Kagami Mochi: Ringing In the New Year with Mochi


What is Kagami Mochi?

Kagami mochi is a Japanese traditional cake made up of two sticky rice cakes stacked on top of each other. This cake is offered to the gods on New Year’s Day with a desire to show respect to the gods, receive blessings from them, and pray for a peaceful, prosperous, and favorable New Year all at the same time. 

Far from being just an offering of cake, Kagami mochi is believed to be the place where the God of Luck, Toshigami-sama, resides on New’s Year’s Day. In other words, this dish is truly above other New Year’s foods, even osechi ryori (Japanese New Year box meals).

A replica of Kagami mochi sits in a wooden box with a tangerine and a string on top in front of a gold folding screen.
This mochi cake is so iconic that you may even find it sitting in store and business displays after New Year’s. Image via Shutterstock

The main ingredients used to make Kagami Mochi are traditional Japanese sticky rice and sweet sticky rice, so the cake is both delightfully sticky and has a richness when mixed with other ingredients. Making a Kagami Mochi sticky rice cake usually requires a lot of hand-crafting stages with both care and attention to detail, so the high quality and simple deliciousness of these rice cakes always leaves you fulfilled on New Year’s.

Moreover, this type of mochi does not use any flavorings, colorings, or preservatives. Thus, the natural delicious taste of the rice cake is retained and can be enjoyed by any member of the family.


According to ancient documents, Kagami mochi appeared during the Muromachi period (1336-1573). In Japanese, Kagami means mirror. It is said that this mochi cake has the same shape as the ancient Yata no Kagami round bronze mirror, which is one of the three sacred treasures of Japan. 

On the other hand, the ancient Japanese often believed that mirrors were the sanctuary of gods. Therefore, the name Kagami mochi was born and has the meaning of worshiping the gods.

This type of cake used to be placed in many parts of the house. However, today, it is often placed in one location and used to honor the gods during the main New Year’s holidays. Some families also place the cake in a small corner to serve as a decoration for the family.

Kagami Mochi Decorations

Kagami mochi sits on a golden pedestal with an intricate ribbon on white, red, and gold, in front of  a white and black fan with a dog figure sitting on the fan.
The symbols used to decorate Kagami mochi are important and often use colors like gold, red, and white because of their ties to fortune and good luck. Image via Shutterstock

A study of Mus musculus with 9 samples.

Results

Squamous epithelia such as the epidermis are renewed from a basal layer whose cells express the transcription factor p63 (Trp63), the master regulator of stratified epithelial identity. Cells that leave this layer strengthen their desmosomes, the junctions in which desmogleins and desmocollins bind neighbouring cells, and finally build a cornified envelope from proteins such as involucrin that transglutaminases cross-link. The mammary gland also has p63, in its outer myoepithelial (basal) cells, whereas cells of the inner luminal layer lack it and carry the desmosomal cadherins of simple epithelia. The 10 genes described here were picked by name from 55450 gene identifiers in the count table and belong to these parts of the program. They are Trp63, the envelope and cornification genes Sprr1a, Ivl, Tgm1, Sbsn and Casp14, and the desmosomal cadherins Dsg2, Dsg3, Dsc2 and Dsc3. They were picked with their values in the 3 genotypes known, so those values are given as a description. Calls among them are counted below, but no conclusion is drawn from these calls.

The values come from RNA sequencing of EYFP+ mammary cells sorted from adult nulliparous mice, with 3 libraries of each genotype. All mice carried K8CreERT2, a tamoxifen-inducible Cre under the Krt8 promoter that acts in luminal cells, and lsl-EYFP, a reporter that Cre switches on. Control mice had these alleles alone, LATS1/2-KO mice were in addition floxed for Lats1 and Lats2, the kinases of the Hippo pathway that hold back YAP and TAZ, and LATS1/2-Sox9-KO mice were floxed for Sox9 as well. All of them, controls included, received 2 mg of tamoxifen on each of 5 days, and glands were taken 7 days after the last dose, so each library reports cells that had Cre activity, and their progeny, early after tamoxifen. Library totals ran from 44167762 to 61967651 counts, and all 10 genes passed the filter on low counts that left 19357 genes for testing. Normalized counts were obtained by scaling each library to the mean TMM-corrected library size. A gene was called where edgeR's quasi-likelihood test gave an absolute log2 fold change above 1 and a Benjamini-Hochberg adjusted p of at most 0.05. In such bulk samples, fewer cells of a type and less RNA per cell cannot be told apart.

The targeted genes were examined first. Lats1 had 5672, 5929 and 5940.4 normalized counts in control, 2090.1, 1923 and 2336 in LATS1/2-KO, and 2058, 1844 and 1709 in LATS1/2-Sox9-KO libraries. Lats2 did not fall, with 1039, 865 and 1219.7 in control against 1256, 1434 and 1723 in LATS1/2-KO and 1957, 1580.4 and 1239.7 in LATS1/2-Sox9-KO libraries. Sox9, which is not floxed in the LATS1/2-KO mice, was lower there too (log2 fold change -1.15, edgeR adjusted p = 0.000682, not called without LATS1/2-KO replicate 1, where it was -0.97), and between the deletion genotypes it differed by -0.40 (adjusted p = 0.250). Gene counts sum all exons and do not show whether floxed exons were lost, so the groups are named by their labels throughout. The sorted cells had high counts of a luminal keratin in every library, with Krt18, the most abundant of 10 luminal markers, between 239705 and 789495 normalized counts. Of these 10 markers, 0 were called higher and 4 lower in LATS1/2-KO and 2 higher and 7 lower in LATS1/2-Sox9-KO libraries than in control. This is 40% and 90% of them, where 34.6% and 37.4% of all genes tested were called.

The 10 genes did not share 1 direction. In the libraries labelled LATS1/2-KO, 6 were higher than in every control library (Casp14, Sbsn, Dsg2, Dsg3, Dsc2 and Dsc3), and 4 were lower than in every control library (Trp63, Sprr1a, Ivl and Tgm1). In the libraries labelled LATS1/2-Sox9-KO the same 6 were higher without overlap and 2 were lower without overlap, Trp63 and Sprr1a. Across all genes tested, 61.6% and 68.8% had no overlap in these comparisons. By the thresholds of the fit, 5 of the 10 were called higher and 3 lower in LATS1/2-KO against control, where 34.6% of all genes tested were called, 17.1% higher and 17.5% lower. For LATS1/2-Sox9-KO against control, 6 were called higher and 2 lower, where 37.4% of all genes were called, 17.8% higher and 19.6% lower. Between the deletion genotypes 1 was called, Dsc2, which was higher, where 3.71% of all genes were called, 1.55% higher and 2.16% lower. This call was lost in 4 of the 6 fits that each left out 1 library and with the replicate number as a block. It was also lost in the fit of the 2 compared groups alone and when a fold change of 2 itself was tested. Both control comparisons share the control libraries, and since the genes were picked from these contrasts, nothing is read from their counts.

Japanese people also pay great attention to the decorations. They often use other decorations to accompany the Kagami mochi cake, which are:

Daidai tangerines: These are used to pray for your children and grandchildren’s eternal prosperity. This is because, in Japanese, the pronunciation of the word ‘eternal’ is the same as that of the tangerine’s name (daidai).

A Wand with a lobe thread: This is a symbol of exorcism, helping to bring prosperity in business and success in work.

Red and white paper: This is used to wish for peace, banishing bad luck.

Fern leaves: These are to wish for longevity and a long happy life.

Kagami Mochi in the Life of the Japanese 

Kagami mochi sits on a white and red paper on a green plate on a tray in front of a window in a Japanese home.
This tiered mochi cake even has a deeper meaning that makes it important to Japanese people. Image via Shutterstock

Kagami mochi uses the image of two round stacked cakes to represent both the sun and moon or the old year and the new year. This is also a symbol of the family’s longevity from this generation to another. In addition, the round shape of this Japanese New Year food is also a symbol of affluence, fullness, and joy. 

The time to prepare and enjoy the cake, called Kagami Biraki, is usually done after the New Year holidays, from about January 7th to January 11th. Depending on the region, there are also places that do it around January 15th to January 20th. 

Kagami Biraki includes the custom of breaking Kagami mochi and using it to make dishes such as ozoni soup (a soup with baked rice cakes) or shiruko (red bean soup). In addition to those ways of eating it, people also often fry the cake with oil, then sprinkle it with salt or soy sauce. 

According to the Japanese concept, the purpose of eating Kagami mochi cake is not only to wish for a good year, but those who eat the cake will be blessed with health and longevity by the gods.

How do people in your country celebrate New Year’s Days? Do you have a special dish like kagami mochi to enjoy during these days like the Japanese? Share with us your way of ringing the new year in the comment below!